Kate Forbes is top pick to replace Nicola Sturgeon among Scottish voters, new poll reveals
Kate Forbes is the preferred candidate for the next SNP leader and first minister among Scottish voters, a poll has suggested.
The research, conducted this week, put Ms Forbes ahead of her rivals despite the first days of her campaign being rocked by criticism over her views on social issues.
As well as Ms Forbes, the Finance Secretary, Health Secretary Humza Yousaf and former minister Ash Regan are bidding to become the next SNP leader and first minister.
In the Panelbase poll for the Sunday Times, 23% said they would like Ms Forbes to be the next SNP leader, with 15% saying so for Mr Yousaf and 7% saying so for Ms Regan.
The response of “don’t know” was on 49% in answer to this question.
A total of 1,026 voters in Scotland were polled between February 21 and 24.
However, the contest will be decided by a vote of SNP members rather than voters at large.
Just hours after announcing her bid for the leadership, Ms Forbes told the media she would not have voted for equal marriage if she had been in parliament at the time.
These statements, along with others relating to her religious views as a member of the Free Church of Scotland, led to some of her early backers withdrawing their support.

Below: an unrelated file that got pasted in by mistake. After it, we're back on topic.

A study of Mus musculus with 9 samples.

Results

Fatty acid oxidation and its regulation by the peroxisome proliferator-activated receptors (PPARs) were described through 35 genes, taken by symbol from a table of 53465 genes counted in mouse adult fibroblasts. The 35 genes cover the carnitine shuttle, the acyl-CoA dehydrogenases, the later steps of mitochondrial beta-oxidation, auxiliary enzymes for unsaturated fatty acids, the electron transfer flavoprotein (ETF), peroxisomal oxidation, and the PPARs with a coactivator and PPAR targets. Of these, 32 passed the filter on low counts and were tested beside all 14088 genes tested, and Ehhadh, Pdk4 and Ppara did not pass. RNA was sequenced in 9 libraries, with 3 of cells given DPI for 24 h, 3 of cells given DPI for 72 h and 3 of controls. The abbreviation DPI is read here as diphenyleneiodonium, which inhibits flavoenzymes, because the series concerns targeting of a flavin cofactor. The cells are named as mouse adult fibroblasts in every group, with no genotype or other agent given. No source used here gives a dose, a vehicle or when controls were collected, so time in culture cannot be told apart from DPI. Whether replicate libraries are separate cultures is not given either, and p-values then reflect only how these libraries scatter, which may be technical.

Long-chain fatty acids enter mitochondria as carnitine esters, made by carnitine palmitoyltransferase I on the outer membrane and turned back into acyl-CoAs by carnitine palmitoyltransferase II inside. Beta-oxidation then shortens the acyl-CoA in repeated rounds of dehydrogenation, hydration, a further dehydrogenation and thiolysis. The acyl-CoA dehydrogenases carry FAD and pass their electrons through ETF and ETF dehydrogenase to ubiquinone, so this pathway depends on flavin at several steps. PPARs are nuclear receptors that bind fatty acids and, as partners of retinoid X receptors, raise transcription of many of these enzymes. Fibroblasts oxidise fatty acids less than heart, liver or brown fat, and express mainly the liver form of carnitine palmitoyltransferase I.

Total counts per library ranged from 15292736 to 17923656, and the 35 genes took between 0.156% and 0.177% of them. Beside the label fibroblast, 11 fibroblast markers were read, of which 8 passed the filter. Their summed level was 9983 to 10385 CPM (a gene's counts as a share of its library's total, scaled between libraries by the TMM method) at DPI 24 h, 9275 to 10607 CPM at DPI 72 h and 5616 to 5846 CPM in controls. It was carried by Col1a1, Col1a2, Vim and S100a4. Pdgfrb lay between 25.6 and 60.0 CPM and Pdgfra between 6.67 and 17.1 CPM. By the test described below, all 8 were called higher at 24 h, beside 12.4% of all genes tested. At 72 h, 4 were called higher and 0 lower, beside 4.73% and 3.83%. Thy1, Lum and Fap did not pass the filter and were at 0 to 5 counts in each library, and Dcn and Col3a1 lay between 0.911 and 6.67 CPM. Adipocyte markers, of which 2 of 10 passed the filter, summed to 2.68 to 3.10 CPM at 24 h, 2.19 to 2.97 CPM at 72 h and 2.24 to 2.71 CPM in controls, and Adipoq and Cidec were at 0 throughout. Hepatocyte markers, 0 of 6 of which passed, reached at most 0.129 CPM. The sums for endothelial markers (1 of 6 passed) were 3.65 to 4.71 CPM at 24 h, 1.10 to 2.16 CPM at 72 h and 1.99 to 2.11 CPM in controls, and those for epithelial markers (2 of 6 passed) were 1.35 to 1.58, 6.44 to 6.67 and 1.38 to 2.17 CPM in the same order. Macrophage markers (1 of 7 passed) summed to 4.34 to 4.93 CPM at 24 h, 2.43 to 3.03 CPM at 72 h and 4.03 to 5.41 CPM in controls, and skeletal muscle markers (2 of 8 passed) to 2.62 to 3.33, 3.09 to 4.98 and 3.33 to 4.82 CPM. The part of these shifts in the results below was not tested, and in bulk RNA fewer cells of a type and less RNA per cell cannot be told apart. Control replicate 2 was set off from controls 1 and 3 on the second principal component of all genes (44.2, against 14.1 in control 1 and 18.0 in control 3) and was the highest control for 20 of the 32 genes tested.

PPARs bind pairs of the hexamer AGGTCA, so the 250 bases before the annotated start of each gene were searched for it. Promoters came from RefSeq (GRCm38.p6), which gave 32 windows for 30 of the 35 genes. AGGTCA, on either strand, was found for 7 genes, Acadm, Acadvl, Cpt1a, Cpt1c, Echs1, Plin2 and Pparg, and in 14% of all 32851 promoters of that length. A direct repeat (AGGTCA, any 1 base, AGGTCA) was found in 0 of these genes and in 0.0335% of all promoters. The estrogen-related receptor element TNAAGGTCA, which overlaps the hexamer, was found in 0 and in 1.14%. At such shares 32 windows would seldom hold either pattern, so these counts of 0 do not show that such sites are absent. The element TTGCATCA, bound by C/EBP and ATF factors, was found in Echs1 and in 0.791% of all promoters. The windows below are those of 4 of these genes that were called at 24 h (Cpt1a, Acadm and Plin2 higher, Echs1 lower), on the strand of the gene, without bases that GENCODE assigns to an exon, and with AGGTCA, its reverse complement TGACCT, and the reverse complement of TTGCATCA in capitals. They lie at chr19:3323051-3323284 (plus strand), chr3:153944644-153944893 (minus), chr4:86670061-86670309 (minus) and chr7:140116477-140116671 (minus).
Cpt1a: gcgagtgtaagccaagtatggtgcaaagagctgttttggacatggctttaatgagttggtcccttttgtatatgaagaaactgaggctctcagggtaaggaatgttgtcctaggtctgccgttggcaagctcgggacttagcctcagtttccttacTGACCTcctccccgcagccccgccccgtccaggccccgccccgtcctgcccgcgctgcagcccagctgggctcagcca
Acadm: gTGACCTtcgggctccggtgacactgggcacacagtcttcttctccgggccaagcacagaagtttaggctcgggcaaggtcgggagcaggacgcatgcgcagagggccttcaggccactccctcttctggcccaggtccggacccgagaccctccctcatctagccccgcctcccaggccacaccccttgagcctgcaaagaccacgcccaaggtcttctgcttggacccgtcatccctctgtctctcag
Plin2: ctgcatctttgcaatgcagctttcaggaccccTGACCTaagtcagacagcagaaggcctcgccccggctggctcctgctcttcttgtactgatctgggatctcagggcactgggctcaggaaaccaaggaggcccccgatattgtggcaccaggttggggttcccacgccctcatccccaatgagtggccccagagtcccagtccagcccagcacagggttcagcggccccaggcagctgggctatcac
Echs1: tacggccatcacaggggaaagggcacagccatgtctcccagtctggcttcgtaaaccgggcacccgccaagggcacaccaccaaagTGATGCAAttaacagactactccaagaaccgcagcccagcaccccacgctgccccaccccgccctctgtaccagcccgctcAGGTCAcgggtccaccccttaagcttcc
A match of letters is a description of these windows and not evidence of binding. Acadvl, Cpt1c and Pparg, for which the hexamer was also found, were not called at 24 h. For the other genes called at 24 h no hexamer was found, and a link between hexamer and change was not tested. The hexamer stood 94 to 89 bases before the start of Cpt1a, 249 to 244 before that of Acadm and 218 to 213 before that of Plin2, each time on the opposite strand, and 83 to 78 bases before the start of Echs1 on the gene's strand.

Among SNP voters, the Panelbase poll put Ms Forbes in the lead for preference to be first minister at 20%, with Mr Yousaf on 18% and Ms Regan on 9%.
The poll also asked voters about the candidates’ performance in their ministerial roles in terms of whether they were doing a good or bad job.
Mr Yousaf was on minus 16 in this regard.
Speaking to Sky’s Sophy Ridge show, he said: “Any health secretary in the midst of a global pandemic is going to face the challenges that we’re facing up here in Scotland.
“In fact, those long waits (in hospitals) are replicated in Conservative-led England or Labour-run Wales.
“So, those are common problems faced right across the UK.”
He said the health service in Scotland had avoided strike action because he had “reached out” and engaged with trade unions, and a compromise had been reached.